Change is inevitable. We see changes in ourselves each year as we grow older. We see changes in our children as they move from one developmental stage to the next. We can experience change in our careers, relationships, housing, finances.
Change may be inevitable, but this fact doesn’t make it any easier.
Like many others, I initially struggled to transition into the college environment but then felt deep grief after graduation when it all ended those years later. I’ve felt pain when friendships dissolve as life gets more complicated. I’ve experienced the rush of anxiety that comes with a new job opportunity.
But adjusting to the change of becoming a new mom was one of the hardest experiences I have ever dealt with. Just when you think you have everything under control, your baby hits a developmental milestone and you’re back to playing catch up. These past two and a half years of motherhood have taught me that change is always a moment away. Even though this is good change as your child grows into the person they will ultimately become, it still doesn’t make change any easier.
Becoming a mother highlighted how hard it is for me to accept change. During previous stages of life, it had been easier for me to ignore the warning signs that I was struggling to adapt to change. But during my postpartum period, those signs were amplified to a level I couldn’t deny or ignore.
So how can I learn to better manage the ever-changing landscape of motherhood and life in general?
I’ve searched for answers by turning my focus inward — to self-reflection and self-care. As I’m learning more about myself and how to provide self-care that delves deeper than just the occasional bubble bath, I’ve come across some tools that have helped me embrace change more effectively, both physically and mentally.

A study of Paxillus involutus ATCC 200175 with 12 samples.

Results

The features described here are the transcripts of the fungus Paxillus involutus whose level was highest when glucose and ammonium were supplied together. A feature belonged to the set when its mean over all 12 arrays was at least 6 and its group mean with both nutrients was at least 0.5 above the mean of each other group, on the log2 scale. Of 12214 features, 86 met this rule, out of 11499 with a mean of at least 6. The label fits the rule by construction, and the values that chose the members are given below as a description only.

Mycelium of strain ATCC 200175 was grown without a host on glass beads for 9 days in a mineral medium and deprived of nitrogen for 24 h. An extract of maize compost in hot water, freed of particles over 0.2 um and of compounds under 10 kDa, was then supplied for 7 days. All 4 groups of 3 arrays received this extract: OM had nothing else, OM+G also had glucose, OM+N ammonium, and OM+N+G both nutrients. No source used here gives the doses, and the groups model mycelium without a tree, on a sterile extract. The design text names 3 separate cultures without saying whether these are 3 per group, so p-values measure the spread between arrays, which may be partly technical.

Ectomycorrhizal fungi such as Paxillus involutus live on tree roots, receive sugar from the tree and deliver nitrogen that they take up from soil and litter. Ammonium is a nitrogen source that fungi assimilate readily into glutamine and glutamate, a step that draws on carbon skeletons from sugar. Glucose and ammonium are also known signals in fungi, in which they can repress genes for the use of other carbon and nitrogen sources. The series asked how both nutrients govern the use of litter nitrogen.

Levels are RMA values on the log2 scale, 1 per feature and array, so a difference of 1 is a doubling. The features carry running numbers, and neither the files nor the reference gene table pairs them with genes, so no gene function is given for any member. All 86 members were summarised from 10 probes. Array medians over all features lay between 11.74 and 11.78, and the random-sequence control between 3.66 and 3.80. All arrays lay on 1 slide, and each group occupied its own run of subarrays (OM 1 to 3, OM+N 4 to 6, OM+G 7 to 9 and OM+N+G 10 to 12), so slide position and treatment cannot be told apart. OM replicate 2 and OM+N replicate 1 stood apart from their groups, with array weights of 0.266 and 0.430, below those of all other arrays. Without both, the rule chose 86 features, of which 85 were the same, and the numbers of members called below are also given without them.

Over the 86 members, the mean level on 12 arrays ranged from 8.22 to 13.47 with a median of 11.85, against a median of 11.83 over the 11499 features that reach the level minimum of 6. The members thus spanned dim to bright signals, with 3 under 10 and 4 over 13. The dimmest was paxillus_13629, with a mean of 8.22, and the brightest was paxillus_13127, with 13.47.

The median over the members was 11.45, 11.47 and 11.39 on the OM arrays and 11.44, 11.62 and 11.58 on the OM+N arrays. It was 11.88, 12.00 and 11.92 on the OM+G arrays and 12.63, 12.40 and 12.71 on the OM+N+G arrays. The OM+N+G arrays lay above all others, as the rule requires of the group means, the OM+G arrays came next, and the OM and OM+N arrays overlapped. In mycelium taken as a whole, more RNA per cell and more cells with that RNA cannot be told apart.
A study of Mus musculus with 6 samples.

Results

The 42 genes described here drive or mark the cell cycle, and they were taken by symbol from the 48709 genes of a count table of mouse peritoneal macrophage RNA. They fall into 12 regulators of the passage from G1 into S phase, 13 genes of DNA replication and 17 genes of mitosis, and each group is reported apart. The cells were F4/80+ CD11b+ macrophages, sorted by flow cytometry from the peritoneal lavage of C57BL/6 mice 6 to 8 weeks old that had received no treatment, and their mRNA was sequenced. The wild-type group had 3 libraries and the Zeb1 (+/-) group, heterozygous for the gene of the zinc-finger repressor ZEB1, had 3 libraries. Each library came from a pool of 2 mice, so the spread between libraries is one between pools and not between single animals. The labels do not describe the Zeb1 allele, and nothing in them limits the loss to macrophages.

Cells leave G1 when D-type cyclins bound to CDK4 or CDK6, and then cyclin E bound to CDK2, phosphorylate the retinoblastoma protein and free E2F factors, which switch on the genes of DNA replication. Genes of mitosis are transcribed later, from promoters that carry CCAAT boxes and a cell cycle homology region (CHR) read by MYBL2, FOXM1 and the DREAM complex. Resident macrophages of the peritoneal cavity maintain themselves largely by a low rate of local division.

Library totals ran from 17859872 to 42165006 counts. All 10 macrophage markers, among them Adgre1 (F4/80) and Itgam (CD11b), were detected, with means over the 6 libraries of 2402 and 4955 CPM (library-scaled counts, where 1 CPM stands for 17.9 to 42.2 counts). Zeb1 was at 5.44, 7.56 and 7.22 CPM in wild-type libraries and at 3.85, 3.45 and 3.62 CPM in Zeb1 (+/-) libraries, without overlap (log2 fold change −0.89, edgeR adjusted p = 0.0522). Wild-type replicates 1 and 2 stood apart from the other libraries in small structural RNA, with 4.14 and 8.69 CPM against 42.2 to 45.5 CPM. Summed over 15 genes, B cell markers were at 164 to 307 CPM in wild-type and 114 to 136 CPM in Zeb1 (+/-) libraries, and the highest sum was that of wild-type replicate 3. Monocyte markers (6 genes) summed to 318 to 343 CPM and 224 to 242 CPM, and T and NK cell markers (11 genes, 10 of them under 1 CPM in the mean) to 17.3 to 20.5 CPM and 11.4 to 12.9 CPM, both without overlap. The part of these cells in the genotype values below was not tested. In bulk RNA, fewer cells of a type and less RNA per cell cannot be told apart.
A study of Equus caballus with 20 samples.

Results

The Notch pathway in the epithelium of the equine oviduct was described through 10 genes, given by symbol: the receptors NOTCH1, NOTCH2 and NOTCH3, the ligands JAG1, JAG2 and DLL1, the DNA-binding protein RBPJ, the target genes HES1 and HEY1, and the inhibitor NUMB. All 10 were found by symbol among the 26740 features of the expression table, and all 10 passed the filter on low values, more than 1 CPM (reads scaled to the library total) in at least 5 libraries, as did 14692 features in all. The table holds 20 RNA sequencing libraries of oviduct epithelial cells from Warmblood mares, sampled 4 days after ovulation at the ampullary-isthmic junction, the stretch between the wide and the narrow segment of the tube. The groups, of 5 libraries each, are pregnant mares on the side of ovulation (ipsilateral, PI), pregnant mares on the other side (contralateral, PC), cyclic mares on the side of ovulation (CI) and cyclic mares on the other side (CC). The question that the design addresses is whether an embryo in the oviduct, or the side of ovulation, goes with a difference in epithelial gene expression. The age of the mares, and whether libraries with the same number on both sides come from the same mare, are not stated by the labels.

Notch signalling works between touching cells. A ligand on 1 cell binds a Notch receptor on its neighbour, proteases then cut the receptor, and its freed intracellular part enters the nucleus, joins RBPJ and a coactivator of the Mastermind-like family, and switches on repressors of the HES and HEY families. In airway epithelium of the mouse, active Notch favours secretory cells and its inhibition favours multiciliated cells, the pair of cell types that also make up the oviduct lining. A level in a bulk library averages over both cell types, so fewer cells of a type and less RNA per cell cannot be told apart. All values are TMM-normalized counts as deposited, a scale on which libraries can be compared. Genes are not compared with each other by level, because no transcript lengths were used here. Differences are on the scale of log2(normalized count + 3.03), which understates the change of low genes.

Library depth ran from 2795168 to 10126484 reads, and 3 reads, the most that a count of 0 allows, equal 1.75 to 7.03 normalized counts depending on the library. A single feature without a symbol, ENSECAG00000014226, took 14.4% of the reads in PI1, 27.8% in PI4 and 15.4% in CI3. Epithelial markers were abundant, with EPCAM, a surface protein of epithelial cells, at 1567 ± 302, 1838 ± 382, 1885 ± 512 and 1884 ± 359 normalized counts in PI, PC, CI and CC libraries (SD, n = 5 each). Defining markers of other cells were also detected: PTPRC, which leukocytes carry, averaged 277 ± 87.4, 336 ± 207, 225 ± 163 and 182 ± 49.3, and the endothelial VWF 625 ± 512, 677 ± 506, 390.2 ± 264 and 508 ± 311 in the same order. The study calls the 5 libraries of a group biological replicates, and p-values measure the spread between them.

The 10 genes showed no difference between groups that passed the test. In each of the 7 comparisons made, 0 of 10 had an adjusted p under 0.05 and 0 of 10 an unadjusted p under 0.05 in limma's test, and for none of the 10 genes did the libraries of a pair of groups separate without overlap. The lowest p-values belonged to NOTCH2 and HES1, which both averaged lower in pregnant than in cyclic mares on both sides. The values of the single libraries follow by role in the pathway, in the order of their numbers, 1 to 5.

1. Daily meditation
Do you have a million thoughts floating around in your head? Yeah, me too! While I’m meditating, I’ve thought about the grocery list I need to make, an incident that happened 10 years ago, and even the latest episode of “This Is Us.” However, in the moments when I can get quiet, I feel this sense of peace, calm, and hope that it will all work out in the end. My practice isn’t perfect, but those moments I experience in between the chatter are worth the 5-10 minutes I dedicate to meditating each morning.
2. Breath work
In moments when worry consumes my thoughts or when I make up stories about the future, I take a moment to close my eyes and take deep breaths. I breathe in for four seconds. Hold for four seconds. Breathe out for four seconds and then hold for four seconds. I repeat this as many times as I need until the feelings of anxiety and worry dissipate and I can think clearly again. This also works great in the moments when you need a little mama break from the long days inside with your littles while in the middle of a pandemic.
3. Talking about it
In full transparency, this is an area of growth for me. Yet, what I’ve learned so far is that it’s helpful to let go of some of the burden you carry and be vulnerable. Sometimes you just have to let it go by speaking your truth out loud to another person so you can finally release it.
4. Social support
Whether it’s other moms, your partner, friends, or family, surrounding yourself with positive people who express love, care, and concern for you makes any change seem manageable because you have your people to fall back on in those hard moments.
Adapting to change is not easy for me, but now it’s more manageable — and it’s a work in progress.
Change is inevitable as we move through different seasons of life. Motherhood will present new challenges as our children grow. With the right tools, support, and deep self-reflection, we can handle whatever comes our way.
As mothers, we seem to always put ourselves last on the list. If you’re struggling to bump yourself to the top, read this Boston Moms post for a friendly reminder: “It’s Self-Care, Not Selfish”.